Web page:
Investment in financial technology (fintech) ventures rose sharply in most major markets in 2019, led by gains in the U.S. and U.K. and emerging economies such as India and Brazil, according to Accenture.
Despite those gains, the total value of fintech deals globally dipped 3.7 percent, to US$53.3 billion from US$55.3 billion in 2018, when totals were boosted by a record US$14 billion from Ant Financial and three other multi-billion-dollar transactions from Chinese companies.
The value of deals in the U.S. jumped 54 percent, to US$26.1 billion, with the number of transactions rising 6.9 percent, to 1,232, signaling that investors remain confident about the future growth and demand for innovative digital solutions for banks, insurers and payments providers.
In the U.K., fintech investments rose 63 percent, to US$6.3 billion — almost the same as the total for 2018 and 2017 combined. Other European markets also made big strides, with investments in German fintechs up 83 percent in 2019, to US$1.5 billion, and fundraising in Sweden jumping more than seven-fold, to US$1.3 billion from about US$175 million.
However, there were large fundraising gains elsewhere in Asia Pacific. Investments in India nearly doubled, to US$3.7 billion, making the country the world’s third largest fintech market. The value of deals more than doubled in Singapore, to US$861 million, and rose nearly 50 percent in Australia, to US$1.1 billion.
“Despite strong demand for fintech globally, it’s likely that, as startups become more mature, investments will flow to fast-growing economies, where there’s still a huge, unaddressed consumer and corporate market thirsty for innovations,” said Julian Skan, a Senior Managing Director in Accenture’s Financial Services practice.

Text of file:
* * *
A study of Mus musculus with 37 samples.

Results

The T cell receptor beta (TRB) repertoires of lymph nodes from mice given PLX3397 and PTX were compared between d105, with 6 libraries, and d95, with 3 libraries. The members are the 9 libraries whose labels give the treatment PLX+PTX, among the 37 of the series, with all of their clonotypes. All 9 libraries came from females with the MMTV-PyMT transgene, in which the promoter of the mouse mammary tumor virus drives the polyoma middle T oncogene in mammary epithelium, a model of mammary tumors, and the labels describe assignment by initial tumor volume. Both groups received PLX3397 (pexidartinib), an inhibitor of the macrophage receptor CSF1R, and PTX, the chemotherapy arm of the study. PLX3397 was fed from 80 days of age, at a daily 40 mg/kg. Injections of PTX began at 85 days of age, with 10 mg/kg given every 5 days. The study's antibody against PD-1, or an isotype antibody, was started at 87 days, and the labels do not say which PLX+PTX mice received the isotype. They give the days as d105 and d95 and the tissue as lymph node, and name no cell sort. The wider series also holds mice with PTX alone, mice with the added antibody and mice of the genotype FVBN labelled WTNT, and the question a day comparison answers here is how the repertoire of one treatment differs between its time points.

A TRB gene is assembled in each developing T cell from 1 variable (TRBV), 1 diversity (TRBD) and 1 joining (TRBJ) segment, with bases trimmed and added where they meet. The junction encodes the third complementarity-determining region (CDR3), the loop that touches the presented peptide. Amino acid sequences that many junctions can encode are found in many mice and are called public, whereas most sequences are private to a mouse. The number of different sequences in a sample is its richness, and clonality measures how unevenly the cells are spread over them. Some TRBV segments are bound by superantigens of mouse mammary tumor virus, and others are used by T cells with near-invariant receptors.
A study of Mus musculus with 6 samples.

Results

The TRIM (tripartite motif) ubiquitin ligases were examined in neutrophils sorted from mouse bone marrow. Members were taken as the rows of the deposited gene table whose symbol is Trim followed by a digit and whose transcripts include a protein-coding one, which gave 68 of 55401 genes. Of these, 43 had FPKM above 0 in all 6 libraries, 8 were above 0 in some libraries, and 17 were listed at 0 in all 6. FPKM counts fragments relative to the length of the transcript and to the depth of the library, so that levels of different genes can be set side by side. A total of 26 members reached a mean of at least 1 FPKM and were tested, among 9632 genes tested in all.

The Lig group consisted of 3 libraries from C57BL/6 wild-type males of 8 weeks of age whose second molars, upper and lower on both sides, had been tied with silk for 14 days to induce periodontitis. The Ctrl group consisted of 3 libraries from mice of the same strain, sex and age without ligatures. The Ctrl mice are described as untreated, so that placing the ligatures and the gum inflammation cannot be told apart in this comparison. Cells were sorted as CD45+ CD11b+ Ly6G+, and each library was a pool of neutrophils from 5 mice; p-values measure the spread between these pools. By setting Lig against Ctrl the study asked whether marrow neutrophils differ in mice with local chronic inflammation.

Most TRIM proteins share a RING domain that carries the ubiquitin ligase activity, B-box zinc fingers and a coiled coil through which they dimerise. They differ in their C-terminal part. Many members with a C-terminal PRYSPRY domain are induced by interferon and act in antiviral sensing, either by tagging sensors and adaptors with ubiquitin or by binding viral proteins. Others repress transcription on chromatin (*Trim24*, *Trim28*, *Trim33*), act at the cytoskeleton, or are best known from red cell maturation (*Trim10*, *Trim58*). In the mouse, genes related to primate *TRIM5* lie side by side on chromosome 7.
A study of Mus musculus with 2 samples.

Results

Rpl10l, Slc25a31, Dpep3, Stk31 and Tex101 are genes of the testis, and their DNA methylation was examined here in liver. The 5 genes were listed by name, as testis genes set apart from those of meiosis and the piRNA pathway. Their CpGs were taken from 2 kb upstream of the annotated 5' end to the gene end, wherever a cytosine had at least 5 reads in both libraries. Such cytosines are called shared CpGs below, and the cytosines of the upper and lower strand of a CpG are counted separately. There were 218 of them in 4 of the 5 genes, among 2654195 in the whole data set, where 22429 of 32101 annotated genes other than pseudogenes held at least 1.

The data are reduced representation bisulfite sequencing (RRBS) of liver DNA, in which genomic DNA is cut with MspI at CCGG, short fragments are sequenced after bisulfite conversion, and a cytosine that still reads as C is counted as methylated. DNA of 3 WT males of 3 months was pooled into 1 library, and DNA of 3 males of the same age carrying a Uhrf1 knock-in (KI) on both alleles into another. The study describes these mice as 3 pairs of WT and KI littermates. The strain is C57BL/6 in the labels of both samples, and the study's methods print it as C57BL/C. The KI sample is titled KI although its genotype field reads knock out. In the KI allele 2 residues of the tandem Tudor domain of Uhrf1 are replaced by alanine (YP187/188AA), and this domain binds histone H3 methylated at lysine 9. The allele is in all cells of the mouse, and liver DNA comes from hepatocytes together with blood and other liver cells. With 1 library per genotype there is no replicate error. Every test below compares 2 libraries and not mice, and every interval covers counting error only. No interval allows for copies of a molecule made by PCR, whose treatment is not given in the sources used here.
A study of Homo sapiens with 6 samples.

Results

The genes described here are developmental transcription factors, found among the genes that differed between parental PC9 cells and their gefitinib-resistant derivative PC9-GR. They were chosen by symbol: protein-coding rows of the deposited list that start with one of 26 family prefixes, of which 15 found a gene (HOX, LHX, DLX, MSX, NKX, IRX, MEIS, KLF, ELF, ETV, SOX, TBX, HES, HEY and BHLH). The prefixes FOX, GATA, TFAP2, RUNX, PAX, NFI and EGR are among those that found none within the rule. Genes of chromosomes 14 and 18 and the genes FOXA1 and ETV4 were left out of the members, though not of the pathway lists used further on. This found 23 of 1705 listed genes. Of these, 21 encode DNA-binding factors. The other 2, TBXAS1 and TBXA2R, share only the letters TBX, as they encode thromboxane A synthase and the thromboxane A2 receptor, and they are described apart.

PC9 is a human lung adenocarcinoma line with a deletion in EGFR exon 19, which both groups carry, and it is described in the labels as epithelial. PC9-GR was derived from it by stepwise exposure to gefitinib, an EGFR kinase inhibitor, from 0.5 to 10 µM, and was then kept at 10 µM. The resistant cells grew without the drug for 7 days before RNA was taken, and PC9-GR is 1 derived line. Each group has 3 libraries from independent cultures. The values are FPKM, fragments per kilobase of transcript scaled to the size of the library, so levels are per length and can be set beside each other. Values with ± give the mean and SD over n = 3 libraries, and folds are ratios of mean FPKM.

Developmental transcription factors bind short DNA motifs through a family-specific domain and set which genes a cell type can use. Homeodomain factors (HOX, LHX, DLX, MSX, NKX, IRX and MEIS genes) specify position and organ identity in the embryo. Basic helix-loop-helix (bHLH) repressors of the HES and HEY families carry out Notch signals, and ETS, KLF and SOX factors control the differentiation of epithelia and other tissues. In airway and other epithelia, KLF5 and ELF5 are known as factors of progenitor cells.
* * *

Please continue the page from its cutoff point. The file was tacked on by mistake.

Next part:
Challenger banks see strong growth in fintech investments
Investments into challenger banks more than tripled in 2019, to US$5.2 billion from US$1.6 billion in 2018, led by the US$726 million raised by Italian digital bank and card processor Nexi, the US$683 million from South Korea’s NAVER Financial, and the US$700 million that Chime raised in two separate transactions in the U.S.
“With Singapore, Australia and other markets all issuing new digital banking licenses and established players like Revolut and Monzo venturing into new markets, challenger banks could remain a focus for investors in 2020,” Skan said.
The number of fintech deals globally rose 6.8 percent in 2019, to 3,472, another record level. However, this was the slowest growth rate in nine years, suggesting that activity in more-mature markets might be levelling off just as it gains steam in emerging fintech centers.